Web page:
United jet packs fewer seats, more space for luggage

Lauren Zumbach
Chicago Tribune

Chicago — Regional flights usually mean cramped quarters and a race to board before all the overhead bin space is claimed, forcing stragglers to check bags at the gate.

The experience on the newest small aircraft in United Airlines’ fleet, the Bombardier CRJ-550, will be a little different.

The United Airlines Bombardier CRJ-550 regional jet at Chicago O'Hare International Airport in Chicago on October 24, 2019. (Stacey Wescott/Chicago Tribune/TNS)

The plane has the same frame as the Bombardier CRJ-700, which seats 70. But United pulled out 20 seats to create more space for first-class travelers and amenities, like a self-service snack bar and extra luggage storage.

United wants to make a regional flight feel a little more like a standard flight between big cities, said Ankit Gupta, the airline’s vice president of network planning and scheduling. With the new aircraft, a traveler paying for a premium ticket can sit in first or business class on a short connecting flight from a small city to a hub like O’Hare International Airport.

United, American Airlines and Delta Air Lines all have a handful of first-class seats on larger, 70-seat regional aircraft. But smaller 50-seat regional jets on those carriers typically only let travelers upgrade to coach seats with extra legroom.

The 10 first-class passengers on United’s CRJ-550 get 42 inches of seat pitch, the distance from one point on a seat to the same spot on the seat in front of it. That’s five inches more than a first-class passenger gets on the CRJ-700, and a full foot more than a coach passenger on either plane, though you’ll still need to duck under the overhead bins to get in the seat.

Travelers in first class also can use the self-service snack bar near the aircraft door, stocked with packages of cheese and crackers, kettle chips, pretzels, Albanese gummy bears and soft drinks.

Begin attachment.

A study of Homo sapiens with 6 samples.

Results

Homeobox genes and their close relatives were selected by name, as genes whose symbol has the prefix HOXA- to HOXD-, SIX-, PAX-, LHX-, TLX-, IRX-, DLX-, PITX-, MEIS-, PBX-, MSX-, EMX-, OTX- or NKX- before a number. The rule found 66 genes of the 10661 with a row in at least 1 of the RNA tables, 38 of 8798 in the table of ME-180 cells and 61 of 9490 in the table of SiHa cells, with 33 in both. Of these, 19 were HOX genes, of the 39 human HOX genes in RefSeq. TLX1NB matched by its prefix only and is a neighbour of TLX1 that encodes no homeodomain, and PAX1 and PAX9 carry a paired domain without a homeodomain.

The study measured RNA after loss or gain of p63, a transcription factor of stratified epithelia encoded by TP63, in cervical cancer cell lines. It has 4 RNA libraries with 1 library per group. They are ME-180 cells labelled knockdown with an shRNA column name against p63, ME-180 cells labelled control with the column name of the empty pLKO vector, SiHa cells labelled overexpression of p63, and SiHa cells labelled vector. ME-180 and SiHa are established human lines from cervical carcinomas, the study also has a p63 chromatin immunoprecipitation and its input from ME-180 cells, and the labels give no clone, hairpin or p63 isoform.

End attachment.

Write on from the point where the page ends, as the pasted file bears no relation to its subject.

The remaining 40 seats on the CRJ-550 are split between standard coach and seats with extra legroom. A CRJ-700 has 48 coach seats, 16 with extra legroom and six in first class.

The CRJ-550 also has four luggage closets for extra carry-on storage, meant to make sure passengers don’t get stuck checking their bags at the gate if overhead bins fill up. Between the overhead bins and lockers, there should be enough space for every traveler to bring a rolling carry-on, said Sarah Murphy, senior vice president of United Express.

“We want to make travel easy and less stressful,” she said.

That doesn’t mean United is going to make every regional jet more spacious. Flying with 20 fewer passengers increases United’s costs by between 5 and 10% compared with the 70-seat version of the aircraft, Gupta said.

The airline is introducing it in smaller cities that still have a sizable business community.

“It’s not for every city, but people will start to see it more and more,” he said.

The initial destinations from Chicago are Allentown and Harrisburg, Pennsylvania; Bentonville, Arkansas; Cedar Rapids and Des Moines, Iowa; Cincinnati and Columbus, Ohio; Grand Rapids, Michigan; Greensboro, N.C.; Indianapolis, Indiana; Madison, Wisconsin; Oklahoma City and Tulsa, Oklahoma; Richmond, Virginia; and St. Louis, Missouri.

United said it plans to add flights between additional cities and its Newark and Washington, D.C. hubs in the coming weeks.

Scott Solombrino, executive director of the Global Business Travel Association, said he thought more space for first class would appeal to companies that are putting more emphasis on employees’ experience when traveling for work.

When the economy is doing well and unemployment is low, “they don’t want people leaving because they don’t like the travel policy,” he said.